A correction was made to this review on April 26, 2004.
Revisionist historical fiction meets musicvideo fantasy in “Brave New Girl,” a rags-to-riches biopic with little controversy, way too much clothing and some good singing. Based on the less-than-stellar novel “A Mother’s Gift” written by Britney Spears and her mother, Lynne, this ABC Family semiautobiographical whitewash of a movie should corral a sizable audience.
Granted, using the catchall phrase “inspired by” gives director Bobby Roth and writer Amy Talkington carte blanche with a ho-hum story, but pic is buoyed by heartfelt performances from stars Lindsey Haun and Virginia Madsen. Parents can feel comfortable about letting the 10-and-older crowd watch this family-friendly movie.
Small-town Texas girl Holly (Haun), whose dreams are bigger than the local music pageants, has tough-talkin’, tough-lovin’ mom Wanda (Madsen) working herself bankrupt trying to keep the dream alive. Holly is about to give up hope on attending the prestigious Haverty Conservatory of Music & Dance in Philadelphia, but mama won’t let a little thing like money stop them.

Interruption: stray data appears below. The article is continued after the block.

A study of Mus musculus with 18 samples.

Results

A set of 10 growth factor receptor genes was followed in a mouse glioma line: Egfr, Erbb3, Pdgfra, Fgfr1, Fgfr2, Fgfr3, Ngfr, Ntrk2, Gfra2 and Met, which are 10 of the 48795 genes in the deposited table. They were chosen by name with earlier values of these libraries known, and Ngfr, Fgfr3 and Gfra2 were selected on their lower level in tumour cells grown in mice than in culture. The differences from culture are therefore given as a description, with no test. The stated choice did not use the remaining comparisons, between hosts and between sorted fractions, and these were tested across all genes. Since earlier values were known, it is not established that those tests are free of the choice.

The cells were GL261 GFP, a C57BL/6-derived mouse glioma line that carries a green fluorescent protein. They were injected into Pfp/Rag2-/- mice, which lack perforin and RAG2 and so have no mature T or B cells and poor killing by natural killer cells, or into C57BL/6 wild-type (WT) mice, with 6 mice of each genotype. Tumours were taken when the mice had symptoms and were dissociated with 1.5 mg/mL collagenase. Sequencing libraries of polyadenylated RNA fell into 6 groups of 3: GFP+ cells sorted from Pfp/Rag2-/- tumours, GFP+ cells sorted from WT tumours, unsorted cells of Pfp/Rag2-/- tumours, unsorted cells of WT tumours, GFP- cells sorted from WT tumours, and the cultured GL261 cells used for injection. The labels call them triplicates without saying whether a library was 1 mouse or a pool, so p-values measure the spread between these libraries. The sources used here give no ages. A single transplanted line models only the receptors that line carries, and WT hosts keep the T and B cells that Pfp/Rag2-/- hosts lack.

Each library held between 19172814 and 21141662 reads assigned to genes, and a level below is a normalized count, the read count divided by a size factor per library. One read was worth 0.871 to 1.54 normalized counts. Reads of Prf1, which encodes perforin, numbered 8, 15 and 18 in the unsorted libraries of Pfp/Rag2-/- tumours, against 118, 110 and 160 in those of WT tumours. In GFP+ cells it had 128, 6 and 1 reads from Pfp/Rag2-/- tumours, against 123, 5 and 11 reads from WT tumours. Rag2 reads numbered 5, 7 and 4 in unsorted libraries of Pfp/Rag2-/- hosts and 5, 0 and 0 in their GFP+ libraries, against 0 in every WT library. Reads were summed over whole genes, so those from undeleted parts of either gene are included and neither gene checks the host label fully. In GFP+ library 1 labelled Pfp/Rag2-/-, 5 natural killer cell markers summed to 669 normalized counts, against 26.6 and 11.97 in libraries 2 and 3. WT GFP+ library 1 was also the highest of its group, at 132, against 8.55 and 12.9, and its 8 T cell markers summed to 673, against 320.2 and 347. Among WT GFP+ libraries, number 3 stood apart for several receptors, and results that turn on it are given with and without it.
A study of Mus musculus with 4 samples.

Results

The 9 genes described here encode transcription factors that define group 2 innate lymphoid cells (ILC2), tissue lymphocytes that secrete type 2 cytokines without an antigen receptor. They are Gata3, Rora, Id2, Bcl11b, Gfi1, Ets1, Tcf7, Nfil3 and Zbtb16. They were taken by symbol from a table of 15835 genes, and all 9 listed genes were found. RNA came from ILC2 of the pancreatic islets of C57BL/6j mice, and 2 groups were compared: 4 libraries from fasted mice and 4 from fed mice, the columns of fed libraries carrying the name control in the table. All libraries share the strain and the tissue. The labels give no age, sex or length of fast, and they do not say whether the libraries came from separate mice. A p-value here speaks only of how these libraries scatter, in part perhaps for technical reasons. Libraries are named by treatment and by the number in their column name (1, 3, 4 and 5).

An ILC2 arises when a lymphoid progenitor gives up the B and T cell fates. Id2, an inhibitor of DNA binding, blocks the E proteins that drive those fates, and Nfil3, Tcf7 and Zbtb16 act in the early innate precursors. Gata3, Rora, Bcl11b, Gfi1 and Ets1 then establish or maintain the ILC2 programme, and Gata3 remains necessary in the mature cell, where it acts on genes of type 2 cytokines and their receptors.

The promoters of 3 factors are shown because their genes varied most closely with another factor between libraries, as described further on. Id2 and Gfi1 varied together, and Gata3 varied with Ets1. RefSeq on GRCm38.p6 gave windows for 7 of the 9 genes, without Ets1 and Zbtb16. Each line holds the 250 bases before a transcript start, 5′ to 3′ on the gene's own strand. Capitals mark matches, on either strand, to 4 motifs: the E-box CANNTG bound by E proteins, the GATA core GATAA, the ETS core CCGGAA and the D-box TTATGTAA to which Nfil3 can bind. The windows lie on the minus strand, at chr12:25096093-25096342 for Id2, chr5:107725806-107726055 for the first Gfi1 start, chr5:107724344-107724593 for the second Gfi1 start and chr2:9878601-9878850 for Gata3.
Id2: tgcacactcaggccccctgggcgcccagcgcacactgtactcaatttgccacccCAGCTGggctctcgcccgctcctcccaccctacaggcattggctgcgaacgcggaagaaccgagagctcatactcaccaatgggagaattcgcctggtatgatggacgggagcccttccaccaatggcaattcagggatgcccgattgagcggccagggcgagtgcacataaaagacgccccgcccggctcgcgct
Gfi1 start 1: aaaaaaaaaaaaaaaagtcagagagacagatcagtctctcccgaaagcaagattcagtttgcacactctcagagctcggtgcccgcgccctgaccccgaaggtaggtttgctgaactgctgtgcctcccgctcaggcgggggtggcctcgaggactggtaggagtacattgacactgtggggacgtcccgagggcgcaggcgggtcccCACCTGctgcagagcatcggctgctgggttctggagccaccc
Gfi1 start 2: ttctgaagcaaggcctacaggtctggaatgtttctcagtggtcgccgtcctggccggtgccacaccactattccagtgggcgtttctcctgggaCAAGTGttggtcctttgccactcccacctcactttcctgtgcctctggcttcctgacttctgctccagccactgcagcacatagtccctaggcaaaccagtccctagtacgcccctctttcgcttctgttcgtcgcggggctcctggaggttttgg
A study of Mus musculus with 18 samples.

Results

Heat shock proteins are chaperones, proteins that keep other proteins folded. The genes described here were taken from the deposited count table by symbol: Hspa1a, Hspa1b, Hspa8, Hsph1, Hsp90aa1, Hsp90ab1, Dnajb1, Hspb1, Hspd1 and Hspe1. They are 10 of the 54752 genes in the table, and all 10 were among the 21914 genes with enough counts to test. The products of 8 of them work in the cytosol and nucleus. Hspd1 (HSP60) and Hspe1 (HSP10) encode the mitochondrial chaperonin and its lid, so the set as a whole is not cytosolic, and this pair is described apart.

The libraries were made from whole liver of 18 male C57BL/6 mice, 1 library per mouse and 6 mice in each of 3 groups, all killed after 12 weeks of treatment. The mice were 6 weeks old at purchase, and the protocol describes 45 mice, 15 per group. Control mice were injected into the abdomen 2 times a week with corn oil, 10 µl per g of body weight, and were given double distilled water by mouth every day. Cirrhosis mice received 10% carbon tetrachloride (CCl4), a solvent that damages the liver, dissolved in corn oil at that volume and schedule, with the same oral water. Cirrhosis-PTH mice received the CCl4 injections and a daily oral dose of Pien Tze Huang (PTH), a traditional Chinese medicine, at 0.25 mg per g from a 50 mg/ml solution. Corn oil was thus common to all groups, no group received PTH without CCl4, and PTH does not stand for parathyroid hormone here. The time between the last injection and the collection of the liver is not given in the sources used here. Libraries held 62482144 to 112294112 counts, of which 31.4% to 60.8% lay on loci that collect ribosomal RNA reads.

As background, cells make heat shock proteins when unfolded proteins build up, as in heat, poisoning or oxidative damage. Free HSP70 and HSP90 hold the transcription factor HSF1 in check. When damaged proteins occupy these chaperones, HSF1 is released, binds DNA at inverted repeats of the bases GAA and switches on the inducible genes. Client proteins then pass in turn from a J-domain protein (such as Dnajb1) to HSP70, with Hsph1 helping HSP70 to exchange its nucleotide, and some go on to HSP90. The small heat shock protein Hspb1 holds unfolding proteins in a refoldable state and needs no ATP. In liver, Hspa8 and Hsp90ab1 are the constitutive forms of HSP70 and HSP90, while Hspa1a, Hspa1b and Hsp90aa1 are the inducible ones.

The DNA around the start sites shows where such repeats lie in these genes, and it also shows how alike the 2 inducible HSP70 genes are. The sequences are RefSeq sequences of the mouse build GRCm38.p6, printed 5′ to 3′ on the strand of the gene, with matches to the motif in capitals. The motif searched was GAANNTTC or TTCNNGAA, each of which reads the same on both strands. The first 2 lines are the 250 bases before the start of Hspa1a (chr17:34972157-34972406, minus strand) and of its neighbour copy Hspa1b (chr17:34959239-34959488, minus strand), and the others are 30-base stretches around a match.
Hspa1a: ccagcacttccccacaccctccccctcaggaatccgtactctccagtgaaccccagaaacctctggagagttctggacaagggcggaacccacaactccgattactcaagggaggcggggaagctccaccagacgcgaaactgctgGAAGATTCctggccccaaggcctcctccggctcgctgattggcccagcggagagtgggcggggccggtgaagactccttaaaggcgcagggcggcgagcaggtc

Through luck and pluck, Holly makes it into Haverty, but she has a hard time when her dreams run smack into reality. Holly is targeted by Angela (Barbara Mamabolo), the school’s notorious diva; ridiculed for her bumpkin accent; and tormented by teachers for her lack of classical training.
Turns out, most people in the big city are mean and snobby, as is easily discerned by their severe wardrobe and hairdos. But our twangy little country girl eventually wins their hearts through — you guessed it — hard work and determination.
Despite the cliched script, which includes subplots about a poor-little-rich-girl roommate and a boyband-wannabe love interest, the pic has its own charm, namely Haun, a Disney Channel staple who can sing up a storm. She and Madsen, who does her best to invoke Barbara Stanwyck in “Stella Dallas,” create some tender mother-daughter chemistry, nicely filling up the rather obvious plot holes that pepper the piece.
Roth keeps steady pace with the drama but tends to overcompensate during the performing sequences with ill-conceived slo-mos and blurry action. Britney Spears makes an appearance in spirit with the big show-stopping finale that reeks of all that’s wrong with “American Idol”-manufactured pop music.
Britney’s own song “Brave New Girl” is showcased, although original numbers by Steve Plunkett and Spencer Proffer are the real winners here. Tony Kosinec composed the score for the telepic.